Your Hotel Website: How to Rise Above the Crowd

By Tema Frank CEO, Frank Reactions | January 27, 2012

I plan to be in Crete for a conference this spring. My husband and I love Greece, so we are thinking of bringing our children along, and stopping in Athens for a couple of days on our way to Crete. Not knowing where to stay, I started with a Google search for "hotels Athens". Google returned 1,510,000 results. Gee, that narrows it down. So what will make me decide which results to click on?

Obviously, results on the first page, or first couple of pages, are the most likely to get looked at, so search engine optimization of your site and/or search engine advertising are crucial. But let's assume for a moment that you've done that successfully, and landed on the first page of results. Now what? The listings all relate to hotels in Athens, Greece. None of the headings particularly stands out over the others. All but one heeded Rule #1 of search engine advertising: make sure the search terms (in this case, "hotels" and "Athens") appear in the title, because they'll be highlighted when the results appear.

The next thing people will naturally look at is the description below the header. For most major cities, the first few results of a city hotel search will be comparison or ratings websites. Apart from paid content on those sites, you've got little control over how you appear within those sites.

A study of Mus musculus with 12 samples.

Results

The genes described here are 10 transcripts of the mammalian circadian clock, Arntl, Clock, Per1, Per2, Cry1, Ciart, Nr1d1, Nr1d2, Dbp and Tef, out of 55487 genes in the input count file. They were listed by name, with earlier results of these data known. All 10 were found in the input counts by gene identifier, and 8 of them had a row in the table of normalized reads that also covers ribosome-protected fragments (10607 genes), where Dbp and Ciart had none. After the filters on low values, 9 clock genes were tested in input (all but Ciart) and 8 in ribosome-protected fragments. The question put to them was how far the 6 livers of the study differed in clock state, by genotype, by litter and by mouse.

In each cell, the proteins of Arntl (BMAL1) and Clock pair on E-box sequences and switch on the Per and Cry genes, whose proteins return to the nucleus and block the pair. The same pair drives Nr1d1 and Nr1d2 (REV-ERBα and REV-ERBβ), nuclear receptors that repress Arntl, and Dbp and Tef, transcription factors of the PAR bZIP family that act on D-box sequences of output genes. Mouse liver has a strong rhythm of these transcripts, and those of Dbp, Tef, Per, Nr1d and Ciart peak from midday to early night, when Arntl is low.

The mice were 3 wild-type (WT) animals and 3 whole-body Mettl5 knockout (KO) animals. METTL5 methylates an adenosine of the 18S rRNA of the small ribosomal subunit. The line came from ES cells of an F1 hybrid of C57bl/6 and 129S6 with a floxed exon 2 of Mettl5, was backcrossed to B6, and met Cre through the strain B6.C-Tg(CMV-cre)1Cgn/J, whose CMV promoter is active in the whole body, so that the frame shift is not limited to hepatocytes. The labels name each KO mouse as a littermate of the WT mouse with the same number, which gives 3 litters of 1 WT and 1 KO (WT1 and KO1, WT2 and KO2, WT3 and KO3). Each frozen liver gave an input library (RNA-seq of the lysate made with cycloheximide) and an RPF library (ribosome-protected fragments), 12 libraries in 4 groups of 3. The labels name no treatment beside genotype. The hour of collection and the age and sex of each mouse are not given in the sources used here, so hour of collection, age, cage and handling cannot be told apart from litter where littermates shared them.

But in smaller centeres, and sometimes even in major cities, people will search using terms that give your hotel a chance to pop up on the first page. For example, if I were going to give a talk at Stanford University in California, I might type in "hotels Stanford University". Two of the top three natural listings are for specific hotels. This is when page description tags become crucial. The description tags are words that you can instruct your website designer to enter on each page to provide a description of what the page is about. It is your way of enticing viewers to open the door a little further, and come check out your website.

It is in writing those page descriptions that you must find a way to differentiate yourself. You've only got a few words in which to do so, so make every word count.

Think about what makes your hotel special. Why would people choose it over a competitor? What are the key pieces of information they will want to know? It may be price. It may be luxury. Maybe location, history, views, amenities, pet-friendliness, .... whatever. Just make sure you know what it is, and use it to make your description stand out.